Healthcare Healthcare News

Streamlined visa process welcomes overseas doctors to Australia


In a major step toward alleviating Australia’s workforce shortage, the Albanese Government is slashing red tape to facilitate the recruitment of international medical graduates (IMGs).

This aligns with recommendations from the independent Kruk Review on regulatory settings for overseas-trained healthcare professionals.

A key change involves removing the requirement for IMGs to obtain a Health Workforce Certificate (HWC) or Health Workforce Exemption Certificate (HWEC) from an employer when applying for visa sponsorship. The government ceased accepting HWC applications on 5 September and HWEC applications on 13 September.

Minister for Health and Aged Care Mark Butler affirmed the government’s commitment to reducing administrative barriers without compromising patient safety and care quality standards.

“The Albanese Government is determined to do everything we can so that when doctors and nurses come in from overseas, they go straight on to the hospital floor, or aged care facility, or general practice to deliver health care,” Minister Butler stated.

Visa sponsorship changes will streamline paperwork and timelines for IMGs, especially those seeking work in primary care settings. This makes Australia a more attractive destination for overseas doctors amidst fierce global competition for healthcare workers.

Minister for Immigration, Citizenship and Multicultural Affairs Andrew Giles explained that healthcare visa applications remain the top priority, with decision-ready applications processed within 1-2 days.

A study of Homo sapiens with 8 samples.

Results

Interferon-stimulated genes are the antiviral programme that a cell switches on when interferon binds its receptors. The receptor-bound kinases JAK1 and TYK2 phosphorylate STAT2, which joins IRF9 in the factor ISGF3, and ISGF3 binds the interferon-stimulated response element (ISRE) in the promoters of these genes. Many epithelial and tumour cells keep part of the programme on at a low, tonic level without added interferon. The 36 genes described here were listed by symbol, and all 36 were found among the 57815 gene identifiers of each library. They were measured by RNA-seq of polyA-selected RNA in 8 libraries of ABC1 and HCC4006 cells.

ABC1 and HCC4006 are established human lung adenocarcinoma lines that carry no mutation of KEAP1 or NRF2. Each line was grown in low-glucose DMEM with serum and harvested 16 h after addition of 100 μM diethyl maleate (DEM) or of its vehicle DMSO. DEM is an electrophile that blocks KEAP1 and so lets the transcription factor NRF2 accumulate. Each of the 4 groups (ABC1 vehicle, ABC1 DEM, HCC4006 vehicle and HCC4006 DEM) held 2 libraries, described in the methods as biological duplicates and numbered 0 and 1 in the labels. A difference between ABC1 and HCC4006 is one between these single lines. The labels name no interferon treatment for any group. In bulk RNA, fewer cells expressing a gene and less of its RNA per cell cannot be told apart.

“These measures will help the industry address these skill shortages where no suitably qualified Australians are available,” Minister Giles said.

The Kruk Review extensively consulted stakeholders across the health sector to formulate practical, impactful recommendations. While protecting the quality of care, the goal is to create regulatory settings that minimise bottlenecks for skilled IMGs to practice in Australia.

This aligns with the government’s multifaceted strategy to build a robust healthcare workforce. Initiatives encompass boosting training and retention of domestic graduates, incentives to work in rural and remote regions and optimised pathways for IMGs.

Creating a streamlined pathway for skilled overseas doctors to practice in Australia will provide relief for understaffed hospitals and clinics. It also grants Australians greater access to healthcare amidst widespread skills shortages.

However, safety remains paramount. All IMGs must still complete rigorous registration and credentialing processes before commencing independent practice in Australia.